Tuesday, October 24, 2006

Front Porch Chronicles

I’m trying to start a newspaper column. I’m thinking of calling it the Front Porch Chronicles. Here is what I hope to be the debut; let me know what you think:

Welcome to my front porch, the place where I sit to relax with my family, chat with neighbors, and reflect on life in general. It is a real porch, one outfitted with seating for four, a coffee table for serving brunch or wine and cheese, an iron statue of a dog I’ve named Rusty, and an end table featuring a lamp that stays on late into the night, welcoming passersby who succumb to the temptation to walk up onto the porch to sit for a while. Here, everyone is welcome.

It is from this porch that I find inspiration as an author, taking note of what is said or what I see in the community park before me and on the sidewalk passing before the front steps of my neighbors’ homes on this cul-de-sac where we live. It is where my wife and I read the newspaper, talk about our children and our hopes for their lives, and spend time simply lingering in each other’s company. It is where we laugh out loud with, listen to the worries of and have meaningful conversations with our two daughters. It is where our neighbors sit and share their life stories and major announcements, leftover meals, and sometimes their tears.

Recently my wife and I invited a neighbor to relax on the front porch with us and watch the sun go down. We chatted about this and that, exchanging news (all right, gossiping) about others in the neighborhood. To make sure we knew who each were talking about, we gave every house a name. There’s the Party House, Playboy House, Dog House, Disco House, Mystery House, and among others, ours, the Newlywed House.

We bought our home two years ago when my wife and I married, blending our families into one in a home where we all could have a fresh start together. It’s called the Newlywed House because my wife and I are so often seen cuddled together on the loveseat on the front porch, much to the apparent life threatening embarrassment of our daughters, but that is another story altogether.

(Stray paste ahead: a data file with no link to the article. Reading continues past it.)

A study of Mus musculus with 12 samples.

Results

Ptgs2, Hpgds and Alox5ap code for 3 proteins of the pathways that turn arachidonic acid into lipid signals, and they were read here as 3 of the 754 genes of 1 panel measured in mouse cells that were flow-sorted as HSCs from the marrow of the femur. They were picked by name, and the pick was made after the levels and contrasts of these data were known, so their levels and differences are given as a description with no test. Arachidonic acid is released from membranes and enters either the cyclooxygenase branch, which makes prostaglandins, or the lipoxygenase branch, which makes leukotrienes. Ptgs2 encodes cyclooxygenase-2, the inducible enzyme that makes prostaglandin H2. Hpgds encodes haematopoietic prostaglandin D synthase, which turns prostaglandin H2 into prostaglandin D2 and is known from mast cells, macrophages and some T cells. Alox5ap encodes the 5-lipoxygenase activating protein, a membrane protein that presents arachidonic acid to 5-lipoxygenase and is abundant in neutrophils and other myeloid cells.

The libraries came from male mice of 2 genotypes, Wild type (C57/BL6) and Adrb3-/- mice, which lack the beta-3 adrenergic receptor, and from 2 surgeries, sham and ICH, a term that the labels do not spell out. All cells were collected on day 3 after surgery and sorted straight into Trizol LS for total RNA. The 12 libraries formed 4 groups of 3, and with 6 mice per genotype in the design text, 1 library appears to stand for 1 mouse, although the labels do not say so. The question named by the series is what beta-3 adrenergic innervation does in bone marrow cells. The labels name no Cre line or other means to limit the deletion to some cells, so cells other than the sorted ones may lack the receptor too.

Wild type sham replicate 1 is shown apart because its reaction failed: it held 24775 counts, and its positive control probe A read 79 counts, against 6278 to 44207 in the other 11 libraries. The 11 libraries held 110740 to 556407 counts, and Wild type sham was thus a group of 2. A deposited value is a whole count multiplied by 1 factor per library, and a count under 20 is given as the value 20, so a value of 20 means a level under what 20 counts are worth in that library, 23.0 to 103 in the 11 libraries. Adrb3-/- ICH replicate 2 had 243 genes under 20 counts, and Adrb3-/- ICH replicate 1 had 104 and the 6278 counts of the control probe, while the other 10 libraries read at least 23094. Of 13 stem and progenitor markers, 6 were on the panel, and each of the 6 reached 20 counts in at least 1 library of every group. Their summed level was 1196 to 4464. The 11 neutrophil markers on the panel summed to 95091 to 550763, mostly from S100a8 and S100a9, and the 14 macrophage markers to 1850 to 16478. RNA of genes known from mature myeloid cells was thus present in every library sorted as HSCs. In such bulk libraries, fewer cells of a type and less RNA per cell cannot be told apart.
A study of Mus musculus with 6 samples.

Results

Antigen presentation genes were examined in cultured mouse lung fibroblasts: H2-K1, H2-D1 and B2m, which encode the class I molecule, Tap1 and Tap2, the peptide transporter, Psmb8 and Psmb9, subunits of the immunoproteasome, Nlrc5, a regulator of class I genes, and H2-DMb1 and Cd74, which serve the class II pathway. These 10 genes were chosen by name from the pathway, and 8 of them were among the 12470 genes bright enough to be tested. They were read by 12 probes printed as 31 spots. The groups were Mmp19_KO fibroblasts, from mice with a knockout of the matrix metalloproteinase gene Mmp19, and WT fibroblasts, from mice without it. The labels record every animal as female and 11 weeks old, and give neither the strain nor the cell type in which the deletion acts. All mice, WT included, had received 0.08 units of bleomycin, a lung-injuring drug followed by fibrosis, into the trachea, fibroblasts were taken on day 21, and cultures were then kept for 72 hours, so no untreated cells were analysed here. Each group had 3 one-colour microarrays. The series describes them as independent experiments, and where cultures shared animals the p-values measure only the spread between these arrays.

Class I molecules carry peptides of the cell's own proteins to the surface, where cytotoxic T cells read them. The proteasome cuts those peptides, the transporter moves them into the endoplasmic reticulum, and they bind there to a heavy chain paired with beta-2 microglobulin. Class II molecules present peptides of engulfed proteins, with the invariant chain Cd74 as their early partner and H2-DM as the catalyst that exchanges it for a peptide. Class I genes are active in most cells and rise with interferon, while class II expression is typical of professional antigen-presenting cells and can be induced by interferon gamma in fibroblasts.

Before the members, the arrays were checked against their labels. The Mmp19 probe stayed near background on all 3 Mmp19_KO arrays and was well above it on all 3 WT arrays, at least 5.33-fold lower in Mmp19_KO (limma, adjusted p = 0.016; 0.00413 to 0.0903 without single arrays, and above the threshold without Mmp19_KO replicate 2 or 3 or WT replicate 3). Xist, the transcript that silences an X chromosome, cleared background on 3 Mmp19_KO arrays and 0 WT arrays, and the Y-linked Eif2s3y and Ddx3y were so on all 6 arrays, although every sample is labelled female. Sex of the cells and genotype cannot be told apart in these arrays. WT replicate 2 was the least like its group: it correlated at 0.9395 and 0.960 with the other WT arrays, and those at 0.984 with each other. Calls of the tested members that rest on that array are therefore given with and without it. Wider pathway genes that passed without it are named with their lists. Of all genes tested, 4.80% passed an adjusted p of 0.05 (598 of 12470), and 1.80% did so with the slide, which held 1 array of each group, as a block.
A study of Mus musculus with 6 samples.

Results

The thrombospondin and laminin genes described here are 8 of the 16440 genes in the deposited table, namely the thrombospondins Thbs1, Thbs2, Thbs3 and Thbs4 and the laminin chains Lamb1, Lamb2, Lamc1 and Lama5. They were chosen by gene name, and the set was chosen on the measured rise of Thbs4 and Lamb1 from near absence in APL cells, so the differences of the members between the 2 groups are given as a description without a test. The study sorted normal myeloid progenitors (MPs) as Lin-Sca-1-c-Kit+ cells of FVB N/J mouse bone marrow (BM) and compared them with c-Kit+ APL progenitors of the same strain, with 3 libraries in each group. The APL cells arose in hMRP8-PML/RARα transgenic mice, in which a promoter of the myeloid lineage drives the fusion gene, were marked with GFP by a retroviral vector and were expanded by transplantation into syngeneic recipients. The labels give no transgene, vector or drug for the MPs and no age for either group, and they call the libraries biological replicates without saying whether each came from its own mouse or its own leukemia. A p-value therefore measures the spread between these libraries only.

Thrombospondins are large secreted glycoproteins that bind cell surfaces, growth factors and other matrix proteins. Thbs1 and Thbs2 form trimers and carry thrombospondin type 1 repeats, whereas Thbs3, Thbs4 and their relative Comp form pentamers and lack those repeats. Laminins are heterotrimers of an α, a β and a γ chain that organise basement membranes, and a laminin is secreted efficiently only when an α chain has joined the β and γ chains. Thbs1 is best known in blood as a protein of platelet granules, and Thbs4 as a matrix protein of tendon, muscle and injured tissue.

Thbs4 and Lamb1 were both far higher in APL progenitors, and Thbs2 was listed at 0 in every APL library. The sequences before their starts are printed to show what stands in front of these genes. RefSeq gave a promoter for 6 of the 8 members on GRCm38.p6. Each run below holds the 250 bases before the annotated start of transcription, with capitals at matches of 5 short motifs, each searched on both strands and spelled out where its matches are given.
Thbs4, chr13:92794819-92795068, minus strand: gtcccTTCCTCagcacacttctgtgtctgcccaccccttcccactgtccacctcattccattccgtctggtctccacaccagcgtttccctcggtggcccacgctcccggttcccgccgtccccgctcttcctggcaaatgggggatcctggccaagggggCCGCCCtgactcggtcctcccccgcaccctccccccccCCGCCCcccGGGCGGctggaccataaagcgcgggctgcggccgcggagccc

The other homes on the cul-de-sac are so named for what seem to us to be obvious reasons. For example, it was at the Party House that another neighbor and I watched our wives dancing on the kitchen counter and then easily agreed the martini shaker was a worthwhile investment. But no matter what the house is nicknamed, all are the homes of our neighbors, our friends.

Perhaps it is because we live on a cul-de-sac or maybe it is the time we spend together in the park where we watch children romp and play fetch with our dogs, but our neighbors really are our friends. And I don’t mean casual acquaintances, I mean the kind of friends with whom you exchange house keys, to whom you lend your car or borrow a stick of butter, even if it means going into their refrigerator when they are not at home. The kind of friends that watch out for your children when you aren’t looking, who grab your newspaper from the sidewalk and toss it onto the porch when you aren’t at home, or who rescue your mail on a rainy day if they see it sticking out of the mailbox.

It is from these moments I observe while sitting on my porch that I find material to write about. My writing is auto-biographical, sometimes poignant, sometimes humorous, but always based on events or conversations that have actually happened. In my books, and now in this column, I share stories about my family and friends, ponder out loud about what perplexes me, and, I hope, occasionally cause my readers to reflect on their own lives and stir them to embrace those they love a little tighter.

My front porch is also where I now and then spend time alone with Rusty, worrying about the things that keep a father and husband awake while everyone else in the house is asleep and peacefully dreaming about shoes. It is where I think about the life I’ve led, the sins I’ve committed, the things I want to make right, the work I have left to do, and wonder how much longer I might have on this Earth to get to it all. And in the end, I suppose, that is why I write - so that in case I can’t get to everything, you will know that at the very least, I meant to.